The spatial and spectral responses of the plasmonic fields induced in the gap of 3-D nanoshell dimers of gold and silver are comprehensively investigated and compared via theory and simulation using the multipole expansion (ME) and the finite element method (FEM) in COMSOL, respectively. The E-field in the dimer gap was evaluated and compared as a function of shell thickness, interparticle distance, and size. The E-field increased with decreasing shell thickness, decreasing interparticle distance, and increasing size, with the error between the two methods ranging from 1 to 10%, depending on the specific combination of these three variables. This error increases several fold with increasing dimer size, as the quasi-static approximation breaks down. A consistent overestimation of the plasmon's fwhm and red shifting of the plasmon peak occurs with FEM, relative to ME, and it increases with decreasing shell thickness and interparticle distance. The size effect that arises from surface scattering of electrons is addressed and shown to be especially prominent for thin shells, for which significant damping, broadening, and shifting of the plasmon band is observed; the size effect also affects large nanoshell dimers, depending on their relative shell thickness, but to a lesser extent. This study demonstrates that COMSOL is a promising simulation environment to quantitatively investigate nanoscale electromagnetics for the modeling and designing of surface-enhanced Raman scattering (SERS) substrates.
"Aizpurura  used a Boundary- Charge Method to compute EEL spectra of inhomogeneous wedges, coupled parallel cylinders, coupled spheres, and toroidal surfaces. Khoury et al.  compared the results of a Finite Element Method (FEM)  against Mie theory  for silver and gold nanoshell dimers. Geuquet and Henrard  adapted the well-known Discrete Dipole Approximation (DDA)   to compute EEL spectra of silver nanoprisms. "
[Show abstract][Hide abstract] ABSTRACT: We numerically simulate low-loss Electron Energy Loss Spectroscopy (EELS) of isolated spheroidal nanoparticles, using an electromagnetic model based on a Generalized Multipole Technique (GMT). The GMT is fast and accurate, and, in principle, flexible regarding nanoparticle shape and the incident electron beam. The implemented method is validated against reference analytical and numerical methods for plane-wave scattering by spherical and spheroidal nanoparticles. Also, simulated electron energy loss (EEL) spectra of spherical and spheroidal nanoparticles are compared to available analytical and numerical solutions. An EEL spectrum is predicted numerically for a prolate spheroidal aluminum nanoparticle. The presented method is the basis for a powerful tool for the computation, analysis and interpretation of EEL spectra of general geometric configurations.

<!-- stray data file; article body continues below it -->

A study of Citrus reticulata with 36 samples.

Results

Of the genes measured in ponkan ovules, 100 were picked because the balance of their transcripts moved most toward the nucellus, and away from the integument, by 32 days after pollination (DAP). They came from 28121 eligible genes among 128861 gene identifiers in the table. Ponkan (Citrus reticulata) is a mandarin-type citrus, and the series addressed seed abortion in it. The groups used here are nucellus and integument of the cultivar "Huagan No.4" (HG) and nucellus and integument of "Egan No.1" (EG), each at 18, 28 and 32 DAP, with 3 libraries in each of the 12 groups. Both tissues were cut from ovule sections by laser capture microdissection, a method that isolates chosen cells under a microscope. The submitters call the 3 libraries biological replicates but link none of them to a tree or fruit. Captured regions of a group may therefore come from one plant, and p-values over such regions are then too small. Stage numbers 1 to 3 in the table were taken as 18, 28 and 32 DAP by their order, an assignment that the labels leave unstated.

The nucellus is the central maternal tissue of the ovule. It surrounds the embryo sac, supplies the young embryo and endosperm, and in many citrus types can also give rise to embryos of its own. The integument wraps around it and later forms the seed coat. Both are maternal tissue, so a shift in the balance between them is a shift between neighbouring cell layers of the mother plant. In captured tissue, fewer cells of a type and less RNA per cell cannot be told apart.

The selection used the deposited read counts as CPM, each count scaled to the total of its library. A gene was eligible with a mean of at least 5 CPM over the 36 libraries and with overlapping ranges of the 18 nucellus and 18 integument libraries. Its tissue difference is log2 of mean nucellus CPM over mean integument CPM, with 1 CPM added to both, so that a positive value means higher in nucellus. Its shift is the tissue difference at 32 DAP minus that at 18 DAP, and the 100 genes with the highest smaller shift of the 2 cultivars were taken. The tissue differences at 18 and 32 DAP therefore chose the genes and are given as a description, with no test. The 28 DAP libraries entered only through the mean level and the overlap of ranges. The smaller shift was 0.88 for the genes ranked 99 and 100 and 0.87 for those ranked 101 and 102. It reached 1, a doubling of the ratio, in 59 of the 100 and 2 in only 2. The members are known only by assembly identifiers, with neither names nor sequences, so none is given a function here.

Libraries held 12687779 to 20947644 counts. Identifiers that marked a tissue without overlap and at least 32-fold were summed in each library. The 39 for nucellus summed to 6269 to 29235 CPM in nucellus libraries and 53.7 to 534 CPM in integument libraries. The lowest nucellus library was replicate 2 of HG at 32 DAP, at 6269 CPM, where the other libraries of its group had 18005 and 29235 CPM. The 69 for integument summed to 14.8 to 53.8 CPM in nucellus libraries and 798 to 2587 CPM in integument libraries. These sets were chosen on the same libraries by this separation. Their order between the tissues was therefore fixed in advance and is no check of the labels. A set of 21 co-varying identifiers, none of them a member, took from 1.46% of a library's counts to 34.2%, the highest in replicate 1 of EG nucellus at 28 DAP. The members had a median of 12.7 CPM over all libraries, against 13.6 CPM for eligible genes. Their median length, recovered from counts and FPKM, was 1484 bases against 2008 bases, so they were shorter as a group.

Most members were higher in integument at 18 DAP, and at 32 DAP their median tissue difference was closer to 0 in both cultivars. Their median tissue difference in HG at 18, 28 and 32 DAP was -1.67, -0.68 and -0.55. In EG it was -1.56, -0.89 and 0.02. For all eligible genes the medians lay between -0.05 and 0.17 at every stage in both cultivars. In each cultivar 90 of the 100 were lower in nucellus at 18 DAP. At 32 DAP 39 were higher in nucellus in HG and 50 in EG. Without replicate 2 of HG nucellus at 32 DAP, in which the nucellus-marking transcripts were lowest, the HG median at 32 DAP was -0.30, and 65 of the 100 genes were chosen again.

[Show abstract][Hide abstract] ABSTRACT: We present three important extensions of the plasmon hybridization (PH) method: a generalization of the method to include
realistic non-Drude dielectric permittivities for metals, the development of an algorithm for the calculation of plasmon-induced
electric field enhancements, and the extension of the PH method to the modeling of plasmonic Fano resonances. We illustrate
these developments with an application to a silver nanosphere dimer and a symmetric silver nanosphere heptamer.
Keywordsplasmon hybridization-plasmon-Fano resonances-nanoparticle
Chinese Science Bulletin 08/2010; 55(24):2629-2634. DOI:10.1007/s11434-010-4070-y · 1.58 Impact Factor
[Show abstract][Hide abstract] ABSTRACT: We report on a new analytical approach to intracellular chemical sensing that utilizes a surface-enhanced Raman spectroscopy (SERS)-enabled nanopipette. The probe is comprised of a glass capillary with a 100-500 nm tip coated with gold nanoparticles. The fixed geometry of the gold nanoparticles allows us to overcome the limitations of the traditional approach for intracellular SERS using metal colloids. We demonstrate that the SERS-enabled nanopipettes can be used for in situ analysis of living cell function in real time. In addition, SERS functionality of these probes allows tracking of their localization in a cell. The developed probes can also be applied for highly sensitive chemical analysis of nanoliter volumes of chemicals in a variety of environmental and analytical applications.